Ulmus parvifolia 'Emer II' ALLEE
Common Name: Chinese elm
Type: Tree
Family: Ulmaceae
Zone: 4 to 9
Height: 60.00 to 70.00 feet
Spread: 35.00 to 55.00 feet
Bloom Time: September
Bloom Description: Green
Sun: Full sun
Water: Medium
Maintenance: Low
Suggested Use: Shade Tree, Street Tree
Flower: Insignificant
Tolerate: Drought, Clay Soil, Air Pollution

Culture

Grow in average, medium moisture, well-drained soils in full sun. Tolerant of light shade. Prefers rich, moist loams. Adapts to a variety of different soils and tolerates both wet and dry sites. Generally tolerant of urban conditions.

Noteworthy Characteristics

Ulmus parvifolia, commonly called Chinese elm or lacebark elm, is a medium-sized deciduous tree that typically grows to 40-50’ (less frequently to 70’) tall with a rounded crown and long pendulous branching. It is native to China, Korea and Japan. It is noted for its excellent foliage, multi-colored bark, rapid growth and good resistance to Dutch elm disease. Insignificant, small, reddish-green flowers appear in late summer. Flowers give way to single-seeded wafer-like samaras (each tiny seed is surrounded by a flattened circular papery wing) that mature in fall. Elliptic to ovate, shiny dark green leaves (to 3” long) have small teeth. Leaves typically turn an undistinguished dull yellow in fall, but sometimes produce more interesting yellows or reddish-purples. One of the most ornamental features of this tree is its mottled bark. On mature trees, bark flakes to reveal patches of gray, cream, orange, brown and green.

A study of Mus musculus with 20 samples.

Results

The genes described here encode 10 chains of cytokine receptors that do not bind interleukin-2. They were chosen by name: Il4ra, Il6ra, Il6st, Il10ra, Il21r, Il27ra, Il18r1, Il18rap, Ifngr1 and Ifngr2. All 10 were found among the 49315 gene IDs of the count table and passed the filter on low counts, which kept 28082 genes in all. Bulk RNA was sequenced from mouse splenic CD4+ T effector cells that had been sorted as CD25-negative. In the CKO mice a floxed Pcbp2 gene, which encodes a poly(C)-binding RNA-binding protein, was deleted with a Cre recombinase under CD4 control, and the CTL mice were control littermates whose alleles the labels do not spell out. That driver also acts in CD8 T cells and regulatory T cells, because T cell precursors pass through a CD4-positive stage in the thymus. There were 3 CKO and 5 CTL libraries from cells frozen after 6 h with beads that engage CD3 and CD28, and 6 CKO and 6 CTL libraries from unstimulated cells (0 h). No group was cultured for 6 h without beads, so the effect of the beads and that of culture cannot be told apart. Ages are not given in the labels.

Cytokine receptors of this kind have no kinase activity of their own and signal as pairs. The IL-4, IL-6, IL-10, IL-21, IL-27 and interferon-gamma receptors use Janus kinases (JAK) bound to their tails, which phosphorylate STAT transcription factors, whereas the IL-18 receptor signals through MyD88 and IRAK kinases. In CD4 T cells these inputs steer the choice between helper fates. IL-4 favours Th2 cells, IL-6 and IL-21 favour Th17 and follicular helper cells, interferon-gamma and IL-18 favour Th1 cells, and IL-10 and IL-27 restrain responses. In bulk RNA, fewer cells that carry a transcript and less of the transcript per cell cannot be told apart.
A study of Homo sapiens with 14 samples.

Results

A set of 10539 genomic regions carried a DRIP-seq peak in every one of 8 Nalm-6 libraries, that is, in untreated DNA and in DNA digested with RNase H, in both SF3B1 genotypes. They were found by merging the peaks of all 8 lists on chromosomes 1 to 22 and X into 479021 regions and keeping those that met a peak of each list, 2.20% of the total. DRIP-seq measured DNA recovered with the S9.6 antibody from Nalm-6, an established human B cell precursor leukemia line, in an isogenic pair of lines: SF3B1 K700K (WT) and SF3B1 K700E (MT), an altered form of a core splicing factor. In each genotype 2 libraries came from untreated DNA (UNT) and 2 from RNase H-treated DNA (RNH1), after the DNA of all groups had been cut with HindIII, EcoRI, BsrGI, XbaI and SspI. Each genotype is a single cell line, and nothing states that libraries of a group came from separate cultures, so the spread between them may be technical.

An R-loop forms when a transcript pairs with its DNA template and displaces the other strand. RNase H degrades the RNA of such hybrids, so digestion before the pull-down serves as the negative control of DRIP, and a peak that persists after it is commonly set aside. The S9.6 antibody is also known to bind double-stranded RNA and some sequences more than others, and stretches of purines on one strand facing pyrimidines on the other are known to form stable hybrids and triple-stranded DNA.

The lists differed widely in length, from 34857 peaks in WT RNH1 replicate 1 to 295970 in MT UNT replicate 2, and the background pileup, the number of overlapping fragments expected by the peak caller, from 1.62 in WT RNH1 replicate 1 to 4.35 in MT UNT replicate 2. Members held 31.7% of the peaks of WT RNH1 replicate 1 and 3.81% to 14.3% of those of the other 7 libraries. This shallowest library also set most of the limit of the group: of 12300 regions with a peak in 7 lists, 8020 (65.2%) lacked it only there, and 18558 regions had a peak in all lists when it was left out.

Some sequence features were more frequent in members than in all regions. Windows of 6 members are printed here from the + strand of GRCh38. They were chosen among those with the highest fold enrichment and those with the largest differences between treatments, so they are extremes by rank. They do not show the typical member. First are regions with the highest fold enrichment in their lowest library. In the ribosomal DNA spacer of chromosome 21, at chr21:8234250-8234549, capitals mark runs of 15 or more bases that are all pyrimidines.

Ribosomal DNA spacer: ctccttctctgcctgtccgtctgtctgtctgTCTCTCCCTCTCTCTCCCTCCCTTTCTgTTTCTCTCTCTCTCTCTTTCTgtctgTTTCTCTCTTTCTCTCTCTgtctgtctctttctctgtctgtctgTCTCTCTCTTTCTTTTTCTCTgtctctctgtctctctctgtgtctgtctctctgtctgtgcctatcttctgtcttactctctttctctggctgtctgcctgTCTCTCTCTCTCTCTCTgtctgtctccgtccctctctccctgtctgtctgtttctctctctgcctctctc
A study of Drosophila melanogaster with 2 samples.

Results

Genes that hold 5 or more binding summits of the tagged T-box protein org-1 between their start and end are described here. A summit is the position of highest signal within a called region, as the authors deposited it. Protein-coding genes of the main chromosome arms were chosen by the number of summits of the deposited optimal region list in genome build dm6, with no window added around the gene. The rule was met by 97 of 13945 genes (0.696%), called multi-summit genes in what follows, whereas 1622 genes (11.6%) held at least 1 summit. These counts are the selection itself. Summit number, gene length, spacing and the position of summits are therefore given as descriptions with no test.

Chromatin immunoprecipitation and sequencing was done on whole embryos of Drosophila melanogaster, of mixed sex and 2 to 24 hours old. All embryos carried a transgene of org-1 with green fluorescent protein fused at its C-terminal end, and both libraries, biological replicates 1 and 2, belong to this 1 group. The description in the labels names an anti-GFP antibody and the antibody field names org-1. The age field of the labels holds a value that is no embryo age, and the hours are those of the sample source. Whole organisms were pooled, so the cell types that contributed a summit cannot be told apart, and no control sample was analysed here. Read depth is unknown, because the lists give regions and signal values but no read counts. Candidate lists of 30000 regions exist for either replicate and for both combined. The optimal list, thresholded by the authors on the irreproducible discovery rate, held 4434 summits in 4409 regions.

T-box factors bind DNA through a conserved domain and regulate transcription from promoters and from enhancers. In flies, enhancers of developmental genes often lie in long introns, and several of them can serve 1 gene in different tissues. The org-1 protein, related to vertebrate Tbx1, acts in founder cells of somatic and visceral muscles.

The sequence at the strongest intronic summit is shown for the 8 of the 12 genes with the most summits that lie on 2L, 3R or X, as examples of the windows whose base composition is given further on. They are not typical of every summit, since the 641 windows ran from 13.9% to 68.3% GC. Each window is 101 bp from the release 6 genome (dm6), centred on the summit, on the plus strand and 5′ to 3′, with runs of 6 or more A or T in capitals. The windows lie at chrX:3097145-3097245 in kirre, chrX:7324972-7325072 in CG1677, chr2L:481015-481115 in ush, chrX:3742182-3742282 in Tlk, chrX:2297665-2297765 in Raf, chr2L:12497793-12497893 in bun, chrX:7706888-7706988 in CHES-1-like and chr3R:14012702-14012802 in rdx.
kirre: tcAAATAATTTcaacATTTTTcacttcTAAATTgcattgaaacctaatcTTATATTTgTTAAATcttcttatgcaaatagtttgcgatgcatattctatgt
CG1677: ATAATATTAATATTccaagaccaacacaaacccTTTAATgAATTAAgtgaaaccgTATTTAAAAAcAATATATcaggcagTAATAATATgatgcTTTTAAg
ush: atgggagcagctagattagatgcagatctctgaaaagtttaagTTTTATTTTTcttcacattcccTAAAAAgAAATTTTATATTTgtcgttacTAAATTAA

Genus name comes from the Latin name.

Specific epithet means small leaf in reference to the small leaves of this species.

ALLEE is a cultivar that typically matures over time to 60-70' tall and to 35-55' wide. It resembles American elm (Ulmus americana) with its vase shaped growing habit. ALLEE was cloned from a tree growing at the University of Georgia campus at Athens. It is noted for its fluted trunk, exfoliating bark (shades of grays, gray greens and orange-browns), narrow leaves and resistance to the common pests and diseases of elm trees. It reportedly has excellent resistance to Dutch elm disease and elm leaf beetle. U.S. Plant Patent PP07,552 was issued on June 11, 1991.

Problems

ALLEE has excellent resistance to Dutch elm disease and elm leaf beetle. It also has excellent resistance to leaf scorch, dieback symptoms and cold winter weather. Phloem necrosis, wetwood, various wilts, rots and cankers may occur. Insect visitors may include borers, leaf miner, beetles, mealy bugs, caterpillars and scale.

Garden Uses

May be used as a lawn, shade or street tree.